The Importance of Preflights

A P-3C Orion patrol aircraft assigned to VP-46 sits at Naval Air Station Whidbey Island during a training exercise. (Photo by Mass Communication Specialist 3rd Class Alex J. Cole)

BY LT KRISTEN JOHNSTON, VP 46

When I arrived at the squadron ready room to plan for my dedicated field work (DFW) flight, I had no reason to believe it would be different from any of the other flights I had conducted. DFWs are fairly common within our community and provide multiple pilots the opportunity to maintain proficiency with respect to approaches and landings. After flight planning, my crew performed preflight the same way we had many times before.

Both I, as the patrol plane commander (PPC), and the senior flight engineer (FE) performed thorough inspections of the aircraft, found no discrepancies and agreed our plane was safe to fly. We started engines and taxied out to the hold short for what we thought would be a nice day of flying in visual conditions. After receiving take off clearance, we began our takeoff roll and shortly after rotating the co-pilot called for the landing gear to be raised. After raising the gear handle, I noted a gear UNSAFE UP indication with the gear handle light remaining illuminated for approximately 45 seconds before finally receiving the expected three UP indication. The FE immediately voiced his concern as it normally takes approximately 10 seconds for the landing gear to fully retract. Suspecting abnormal operation, we opened NATOPS to the functional check flight chapter and verified the limit for landing gear retraction at 150 knots to be between nine and 11.5 seconds.

We started discussing our options and decided that the best course of action was to continue on our clearance and troubleshoot during the transit once at altitude. After we leveled off we began discussing possible causes and referenced NATOPS. There are several landing gear malfunctions that have specific procedures delineating how they are to be handled; however, this was not one of them. In order to determine the reason for the slow retraction and correct it in flight, we were going to have to use our systems knowledge that we had gained throughout our upgrading process.

Our FE recalled that a maintenance action form (MAF) had been signed off for the landing gear star valve and concluded an inspection of the hydraulic service center (HSC) may help in determining the cause of our slow gear retraction. He returned to the flight station and informed us that the landing gear star valve did not appear to be fully open and was also not safety wired (normal state for this valve is safety wired full open in order to allow full hydraulic system pressure to raise and lower the main landing gear). No one recalled noticing this discrepancy during preflight and we began to discuss our options.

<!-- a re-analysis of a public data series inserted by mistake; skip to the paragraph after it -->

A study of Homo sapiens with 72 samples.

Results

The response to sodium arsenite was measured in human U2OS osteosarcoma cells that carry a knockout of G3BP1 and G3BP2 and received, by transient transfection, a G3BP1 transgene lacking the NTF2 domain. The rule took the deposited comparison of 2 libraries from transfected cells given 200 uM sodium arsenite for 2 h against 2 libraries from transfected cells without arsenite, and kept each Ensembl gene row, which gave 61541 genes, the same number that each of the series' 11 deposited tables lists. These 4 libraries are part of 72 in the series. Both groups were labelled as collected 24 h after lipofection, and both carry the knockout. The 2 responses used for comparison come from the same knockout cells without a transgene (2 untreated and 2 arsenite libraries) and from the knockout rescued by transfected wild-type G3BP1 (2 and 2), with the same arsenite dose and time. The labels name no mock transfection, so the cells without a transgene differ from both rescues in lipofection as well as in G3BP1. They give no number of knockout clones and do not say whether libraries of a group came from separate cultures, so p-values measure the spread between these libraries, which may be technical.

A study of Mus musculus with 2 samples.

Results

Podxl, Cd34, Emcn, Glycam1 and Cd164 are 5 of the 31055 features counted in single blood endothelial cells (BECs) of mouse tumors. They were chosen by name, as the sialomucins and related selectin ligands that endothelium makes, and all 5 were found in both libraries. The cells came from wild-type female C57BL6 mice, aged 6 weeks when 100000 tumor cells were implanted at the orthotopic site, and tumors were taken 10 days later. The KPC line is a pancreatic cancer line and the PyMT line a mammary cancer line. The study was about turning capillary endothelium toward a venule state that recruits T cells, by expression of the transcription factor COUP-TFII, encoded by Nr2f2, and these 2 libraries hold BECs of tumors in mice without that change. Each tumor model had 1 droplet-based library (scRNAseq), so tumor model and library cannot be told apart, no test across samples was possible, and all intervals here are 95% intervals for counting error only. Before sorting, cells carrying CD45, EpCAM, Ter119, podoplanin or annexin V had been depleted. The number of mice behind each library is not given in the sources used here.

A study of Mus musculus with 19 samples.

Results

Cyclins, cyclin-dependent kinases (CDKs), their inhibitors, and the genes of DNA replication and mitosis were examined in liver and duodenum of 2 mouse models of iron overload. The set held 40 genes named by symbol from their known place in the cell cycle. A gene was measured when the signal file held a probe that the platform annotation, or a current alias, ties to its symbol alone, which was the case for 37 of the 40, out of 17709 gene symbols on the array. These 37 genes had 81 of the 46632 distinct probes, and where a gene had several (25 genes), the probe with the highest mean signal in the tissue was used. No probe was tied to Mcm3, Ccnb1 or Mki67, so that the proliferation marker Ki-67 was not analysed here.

We decided to attempt opening the shutoff valve while airborne to prevent any sort of landing gear malfunction when we elected to lower the gear. The FE again went back to the HSC and rotated the valve to what he thought was the full open position. In an effort to determine if our actions corrected the malfunction, we decided to lower the landing gear at altitude.

After approximately 30 seconds, we received a down and locked indication for the nose wheel but the main landing gear displayed an unsafe down condition. These were not the indications we were hoping for! Our FE, realizing he may have closed the landing gear star valve instead of opening it, suggested verifying the position once again. After rotating the star valve to the full opposite position, the main mounts extended and we received a “three down and locked” indication in the flight station.

I immediately felt a sense of relief, and after a lengthy discussion we elected to keep the landing gear down and return to Whidbey Island. The transit home was approximately 80 miles and we completed an uneventful, full stop landing.

Speaking with maintenance control, it was confirmed that previous landing gear system maintenance had not been properly conducted, and as a result the star valve was never safety wired full open as required. During our preflight inspection my FE and I separately examined the hydraulic service center. However, neither of us caught the missing safety wire or recognized that the star valve was not in the full open position. Preflight is our last chance as aircrew to ensure the aircraft is safe for flight, and accomplishing a thorough inspection is paramount to safe operations.

We are fortunate that our flight engineer recalled reading the MAF in the ADB and had the knowledge to troubleshoot and correct our malfunction in flight. It can be argued that several procedures should have prevented this aircraft from being released safe-for-flight; however, that does not provide an excuse for a poorly executed preflight. As the PPC, I take full responsibility and have walked away from this experience with a renewed sense of vigilance when conducting preflights. Hopefully my experience will serve as yet another reminder that aviation remains inherently dangerous, and we cannot allow anything that we do to ever become mundane or routine.